Your web server should support mod_rewrite and .htaccess files, which are two common features today. Let’s see the code first:

<IfModule mod_rewrite.c>
    RewriteEngine On

    ## Maintenance rewrite rule
    ## Create a .maintenance empty file in the Doc Root in order to activate
    ## Edit the REMOTE_ADDR condition IP
    ## Note: this doesn't work with reverse proxies
    RewriteCond %{DOCUMENT_ROOT}/.maintenance -f
    RewriteCond %{REMOTE_ADDR} !=[your IP here]
    RewriteRule ^(.*)$ maintenance.php [L]

    ## Main Site Rule
    RewriteCond %{REQUEST_FILENAME} !-f
    RewriteRule ^(.*)$ index.php [QSA,L]

The first condition checks for the existence of a file named .maintenance in the document root of your site. If the condition is met the next condition checks the IP address of the remote user, if the IP is different from the one of your choice, the maintenance.php file (or the file you want) is displayed. The remaining lines perform a standard redirect of all URLs to a front controller file, a very common practice to use friendly URLs within your site.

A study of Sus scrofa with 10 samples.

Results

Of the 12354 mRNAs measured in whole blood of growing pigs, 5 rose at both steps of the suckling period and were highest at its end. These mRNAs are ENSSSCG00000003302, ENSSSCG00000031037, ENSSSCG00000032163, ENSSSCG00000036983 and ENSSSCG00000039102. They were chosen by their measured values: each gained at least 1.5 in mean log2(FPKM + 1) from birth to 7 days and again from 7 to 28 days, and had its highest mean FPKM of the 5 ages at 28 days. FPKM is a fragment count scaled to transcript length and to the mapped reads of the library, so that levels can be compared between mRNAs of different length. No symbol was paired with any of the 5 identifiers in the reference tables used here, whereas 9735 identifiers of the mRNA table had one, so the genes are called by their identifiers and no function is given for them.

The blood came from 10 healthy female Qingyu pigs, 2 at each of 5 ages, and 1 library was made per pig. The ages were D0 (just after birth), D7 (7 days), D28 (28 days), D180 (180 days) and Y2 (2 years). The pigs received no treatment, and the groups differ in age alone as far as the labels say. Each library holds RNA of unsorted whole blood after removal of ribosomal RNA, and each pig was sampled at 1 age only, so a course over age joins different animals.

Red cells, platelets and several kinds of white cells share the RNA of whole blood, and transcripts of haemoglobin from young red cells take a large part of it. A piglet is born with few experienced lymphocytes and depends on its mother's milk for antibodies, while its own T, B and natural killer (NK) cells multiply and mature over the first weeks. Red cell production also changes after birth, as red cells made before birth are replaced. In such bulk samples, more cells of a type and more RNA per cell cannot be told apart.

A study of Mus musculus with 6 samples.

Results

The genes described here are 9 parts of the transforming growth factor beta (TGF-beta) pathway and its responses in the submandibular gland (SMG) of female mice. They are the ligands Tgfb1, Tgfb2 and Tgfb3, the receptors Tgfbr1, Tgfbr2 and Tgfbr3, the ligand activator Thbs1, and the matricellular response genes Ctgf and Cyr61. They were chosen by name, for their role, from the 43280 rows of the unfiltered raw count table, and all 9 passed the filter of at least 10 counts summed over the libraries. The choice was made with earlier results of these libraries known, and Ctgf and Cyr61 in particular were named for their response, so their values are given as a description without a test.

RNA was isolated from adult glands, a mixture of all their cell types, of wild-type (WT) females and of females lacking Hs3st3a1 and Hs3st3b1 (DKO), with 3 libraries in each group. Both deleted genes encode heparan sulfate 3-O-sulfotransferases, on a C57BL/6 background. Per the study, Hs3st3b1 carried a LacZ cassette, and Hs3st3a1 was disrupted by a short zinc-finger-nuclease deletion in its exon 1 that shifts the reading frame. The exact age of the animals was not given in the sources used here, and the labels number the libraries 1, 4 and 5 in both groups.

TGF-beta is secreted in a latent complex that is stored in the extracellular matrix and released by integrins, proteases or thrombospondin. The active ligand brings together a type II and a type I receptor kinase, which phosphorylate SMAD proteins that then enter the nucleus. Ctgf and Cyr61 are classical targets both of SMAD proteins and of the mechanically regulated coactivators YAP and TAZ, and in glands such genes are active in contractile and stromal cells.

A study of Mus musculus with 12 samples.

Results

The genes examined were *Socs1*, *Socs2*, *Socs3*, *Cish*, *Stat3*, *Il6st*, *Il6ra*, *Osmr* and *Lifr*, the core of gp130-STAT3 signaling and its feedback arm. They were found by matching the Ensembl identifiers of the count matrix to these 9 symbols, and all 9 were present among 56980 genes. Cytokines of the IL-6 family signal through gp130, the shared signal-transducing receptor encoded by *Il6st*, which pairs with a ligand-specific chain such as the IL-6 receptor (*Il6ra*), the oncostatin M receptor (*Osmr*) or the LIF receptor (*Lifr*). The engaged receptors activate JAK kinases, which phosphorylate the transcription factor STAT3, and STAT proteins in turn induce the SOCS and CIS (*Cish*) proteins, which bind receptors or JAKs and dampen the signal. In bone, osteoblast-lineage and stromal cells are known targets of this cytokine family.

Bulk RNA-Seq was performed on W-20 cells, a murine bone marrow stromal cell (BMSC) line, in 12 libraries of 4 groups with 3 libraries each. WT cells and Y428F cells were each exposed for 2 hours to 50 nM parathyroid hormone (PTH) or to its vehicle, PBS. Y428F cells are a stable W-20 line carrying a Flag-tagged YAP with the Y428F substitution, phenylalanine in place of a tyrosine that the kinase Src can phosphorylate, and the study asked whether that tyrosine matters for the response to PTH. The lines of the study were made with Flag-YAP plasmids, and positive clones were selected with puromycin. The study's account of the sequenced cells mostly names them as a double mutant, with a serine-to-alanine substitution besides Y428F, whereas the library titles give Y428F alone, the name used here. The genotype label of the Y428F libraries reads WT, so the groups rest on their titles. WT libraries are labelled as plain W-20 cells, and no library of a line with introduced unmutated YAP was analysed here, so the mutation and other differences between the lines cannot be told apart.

These settings can be always active in your .htaccess file. When you want to switch to maintenance mode all you have to do is create the empty .maintenance file with your favorite program or with terminal access:

ragman@myserver/var/www/$ touch ./.maintenance

And when you're done delete the file and the site is back online.

The WordPress variant

WordPress uses a non-empty .maintenance file during platform updates. To avoid conflicts simply change the above code using another name for your trigger file, for example .offline.